15 SES 07, Different Case Study (part 2)
This paper argues that partnerships and networks are central mechanisms (Muijs, West, & Ainscow, 2010) for mobilizing the local education space toward the improvement of the school experience and provision of equity opportunities for all children and young people. This is a new challenge in the highly centralized, until recently, Portuguese education system undergoing a rough economic crisis and scarce availability of resources in schools.
The underlying study, under the project “Building Local Networking in Education?: Decision-makers’ discourses and strategies on school achievement and dropout”, (funded by FCT), aims to contribute to an understanding of current educational policies conveyed by the new modes of governance (Kooiman, 2003) focused on the role of local authorities and school autonomy, and the networks at community level emerging from the process of decentralization. It is our interest to understand the perceptions and logics of the main actors in this policy arena, that is, those who build coalitions and cooperate in the decision making agenda at local level (Ball, 2010). Networks and partnerships enable innovations and respond to school problems through the wellbeing of pupils and teachers and thus are perceived positively by school leaders and the community (Araújo, Sousa, Costa, Loureiro & Portela, 2013); Chapman & Hadfield, 2010a, 2010b; Hadfield & Chapman, 2009).
Though the centrality of the state is prevalent in most educational matters such as pedagogy, curriculum and assessment as well as the teaching profession, in the last decade the central government is implementing some devolution to local communities of some of its responsibilities which correspond to a transference of competencies, corresponding, mainly, to resource allocation, and social services such as meals, transportation and support to the families by providing extra after school activities.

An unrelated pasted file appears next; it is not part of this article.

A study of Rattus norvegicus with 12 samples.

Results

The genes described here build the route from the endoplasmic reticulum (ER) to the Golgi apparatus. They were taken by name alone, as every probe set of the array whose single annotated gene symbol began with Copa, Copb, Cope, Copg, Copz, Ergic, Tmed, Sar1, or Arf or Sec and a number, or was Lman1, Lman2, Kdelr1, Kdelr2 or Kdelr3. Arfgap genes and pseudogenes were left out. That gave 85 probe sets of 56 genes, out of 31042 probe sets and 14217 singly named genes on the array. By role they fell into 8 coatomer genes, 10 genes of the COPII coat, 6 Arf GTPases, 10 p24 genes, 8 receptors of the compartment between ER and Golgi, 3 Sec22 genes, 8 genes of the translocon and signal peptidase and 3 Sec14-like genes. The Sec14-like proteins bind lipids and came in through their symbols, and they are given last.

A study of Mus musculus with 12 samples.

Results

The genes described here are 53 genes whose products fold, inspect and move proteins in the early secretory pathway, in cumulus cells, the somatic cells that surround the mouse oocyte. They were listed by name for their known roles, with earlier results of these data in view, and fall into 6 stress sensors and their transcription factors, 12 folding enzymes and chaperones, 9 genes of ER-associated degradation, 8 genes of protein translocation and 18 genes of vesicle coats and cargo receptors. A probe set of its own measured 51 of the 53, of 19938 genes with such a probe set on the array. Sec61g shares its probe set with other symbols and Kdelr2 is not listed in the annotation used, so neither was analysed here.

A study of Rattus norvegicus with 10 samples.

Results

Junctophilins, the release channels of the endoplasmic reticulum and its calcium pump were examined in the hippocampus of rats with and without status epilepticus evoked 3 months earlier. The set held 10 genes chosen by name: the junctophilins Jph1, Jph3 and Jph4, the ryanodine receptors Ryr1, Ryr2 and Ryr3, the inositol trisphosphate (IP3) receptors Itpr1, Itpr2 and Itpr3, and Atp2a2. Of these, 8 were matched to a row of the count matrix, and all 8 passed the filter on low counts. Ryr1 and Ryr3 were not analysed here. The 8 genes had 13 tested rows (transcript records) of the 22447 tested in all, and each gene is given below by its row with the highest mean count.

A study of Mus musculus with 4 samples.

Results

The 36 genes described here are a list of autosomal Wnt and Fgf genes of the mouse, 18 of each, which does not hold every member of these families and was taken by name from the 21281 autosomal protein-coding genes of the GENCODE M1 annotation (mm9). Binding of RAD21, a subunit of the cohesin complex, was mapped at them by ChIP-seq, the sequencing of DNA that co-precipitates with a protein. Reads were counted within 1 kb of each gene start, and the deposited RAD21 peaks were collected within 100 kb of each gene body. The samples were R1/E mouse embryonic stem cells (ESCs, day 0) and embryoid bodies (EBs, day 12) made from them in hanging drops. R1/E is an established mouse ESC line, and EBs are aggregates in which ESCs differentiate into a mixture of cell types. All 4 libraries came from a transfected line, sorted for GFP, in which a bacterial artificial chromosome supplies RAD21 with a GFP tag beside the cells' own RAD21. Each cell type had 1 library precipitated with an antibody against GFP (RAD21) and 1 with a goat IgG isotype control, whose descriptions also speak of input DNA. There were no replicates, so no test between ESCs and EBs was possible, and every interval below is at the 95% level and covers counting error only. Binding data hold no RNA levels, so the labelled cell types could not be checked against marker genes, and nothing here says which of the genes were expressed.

These policies led to the promotion and reinforcement of the power of local authorities in education decisions and the upsurge of partnerships and networks that include schools, entrepreneurs, public and private organizations, provoking a “respatialisation” (Ozga, 2012) of the local governing forces with consequences to the education system. Though this move is in line with the global transfer of educational models and policies, largely in flow with the “borrowing and lending” current reforms (Steiner-Khamsi, 2012), this study attempts to understand the particular process that is taking place in Portugal. It explores the dynamics, adaptations and transformations at local and school level, where the process of integration of services and education in local authority departments and the incorporation of all sorts of new community actors in the school structures, is becoming “relational” in tackling underachievement and poverty (Witty, 2002).
Araújo, H. C., Sousa, F., Costa, I., Loureiro, A., & Portela, J. (2013). Building local networking in education? Decision-makers’ discourses on school achievement and dropout in Portugal. In Beatrice Boufoy-Bastick (Ed.), Cultures of education policy: Comparative international issues of policy-outcome relationships, Strasbourg: Analytics. (Forthcoming) Ball, S. (2008). New philanthropy, new networks and new governance in education. Political Studies, 56, 747–765 Ball, S. (2010). New voices, new knowledges and the new politics of education research: The gathering of a perfect storm? European Educational Research Journal, 9 (2), 124-137. Chapman, C. & Hadfield, M. (2010a). Supporting the middle tier to engage with school-based networks: change strategies for influencing and cohering in Journal of Educational Change, 11, 221-240 Chapman, C. & Hadfield, M. (2010b). Realizing the potential of school-based networks. Educational Research. 52 (3), 309-323. Hadfield, M. & Chapman, C. (2009). Leading School-based Networks. London: Routledge. Kooiman, J. (2003). Governing as Governance. London: Sage Muijs, D., West, M. & Ainscow, M. (2010) Why network? Theoretical perspectives on networking. School Effectiveness and School Improvement, 21 (1), 5-26 Ozga, Jenny (2012) Introduction. Assessing PISA, European Educational Research Journal. 11(2), 166-171. Steiner-Khamsi, G. (2012). Understanding policy borrowing and lending: Building comparative policy studies, in G. Steiner-Khamsi & F. Waldow (eds.) Policy Borrowing and Lending in Education: World Yearbook of Education 2012 (pp. 3-17). New York: Routledge Whitty, G. (2002). Making sense of education policy. London: Paul Chapman.